The Society for Social Work and Research

2014 Annual Conference

January 15-19, 2014 I Grand Hyatt San Antonio I San Antonio, TX

Role of Social Network Structure and Influence On Substance Use Among Homeless Youth

Saturday, January 18, 2014: 2:30 PM
HBG Convention Center, Room 008B River Level (San Antonio, TX)
* noted as presenting author
Anamika Barman-Adhikari, MSW, PhD Student, University of Southern California, Los Angeles, CA
Eric Rice, PhD, Assistant Professor, University of Southern California, Los Angeles, CA
Robin Petering, MSW, PhD Student, University of Southern California, Los ANgeles, CA
Background: Studies have demonstrated that drug use does not typically happen in isolation, but is initiated and reinforced through social-interactions and influence. Conceptually, network-structure and ensuing norms are especially salient in explaining drug use. Network analyses can be approached at two levels: egocentric (the direct ties of an index person with all of his or her network members), and sociometric networks (which refers to the complete set of relations between people in a population, both direct and indirect ties) (Neaigus, 1998). Both techniques have been used to understand drug use among housed youth. Work on homeless youth, however, has focused almost exclusively on dyadic or egocentric influences. Beyond the egocentric level, it is likely that peer influence also occurs at the level of the broader peer group, making it important to understand social network structure (such as network positions) and dynamics within groups (Lansford et al., 2009). Social network analysis with homeless youth has been conceptualized as a way of measuring homeless youth’s emersion into street culture (Whitbeck, Rose & Johnson, 2009)  and sociometric data helps us assess precisely how a youth is positioned vis-à-vis others in a network of other homeless youth. A lacuna of the literature on homeless youth networks is attention to how embeddedness within these social spaces shapes substance use. In this study, we assess the relative influence of network position and network norms on methamphetamine, heroin, and cocaine use among homeless youth.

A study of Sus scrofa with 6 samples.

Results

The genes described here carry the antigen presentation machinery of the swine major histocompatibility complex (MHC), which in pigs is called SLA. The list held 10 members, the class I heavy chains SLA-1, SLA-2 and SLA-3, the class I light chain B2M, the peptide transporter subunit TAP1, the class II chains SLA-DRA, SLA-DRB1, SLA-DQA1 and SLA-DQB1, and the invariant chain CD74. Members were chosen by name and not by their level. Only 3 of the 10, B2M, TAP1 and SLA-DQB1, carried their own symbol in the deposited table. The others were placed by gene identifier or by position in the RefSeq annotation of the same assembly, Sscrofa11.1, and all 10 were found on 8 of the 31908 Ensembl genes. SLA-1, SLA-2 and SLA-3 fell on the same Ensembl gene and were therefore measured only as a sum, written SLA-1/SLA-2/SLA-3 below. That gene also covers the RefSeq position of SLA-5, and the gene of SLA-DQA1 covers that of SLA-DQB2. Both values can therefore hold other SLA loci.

Methods: Using Freeman’s Event Based Approach (EBA), 136 adolescents were recruited in 2008 at one drop-in agency serving homeless youth in Los Angeles, California. The EBA, which bounds individuals based on participation in a shared set of activities or events over time, seems the most applicable to homeless youth. The strategy uses accessing drop-in centers as an artificial “boundary” from which to recruit a population of youth. Participants provided self-reports of heroin, cocaine, and methamphetamine use. Youth nominated a full spectrum of network ties, including other youth at the agency. The structure of nominations among the 136 sampled youth were assessed with UCINET and visualized with Net-Draw. Logistic-regressions were used to assess associations among, substance use, adjacent peer substance use, and network position.

Results: Youth connected to more methamphetamine- or heroin-using peers were significantly more likely to use methamphetamine (OR=5.9) and heroin (OR=26.8). More importantly, structure was significantly associated with not only drug use, but also the choice of drugs. Youth in the core or center of the network were significantly more likely to use methamphetamine (OR=5.32), while youth who affiliated with larger networks were significantly less likely to use heroin (OR=0.34).

Implications: These results supported the general proposition that both peer and positional attributes affect substance use among homeless youth. Youth’s position in the network exposed them to norms supportive of specific illicit drugs. These results underscore the importance of tailoring interventions to reduce drug use at the network level and of recognizing drug use as not only a clinical problem but also a social problem.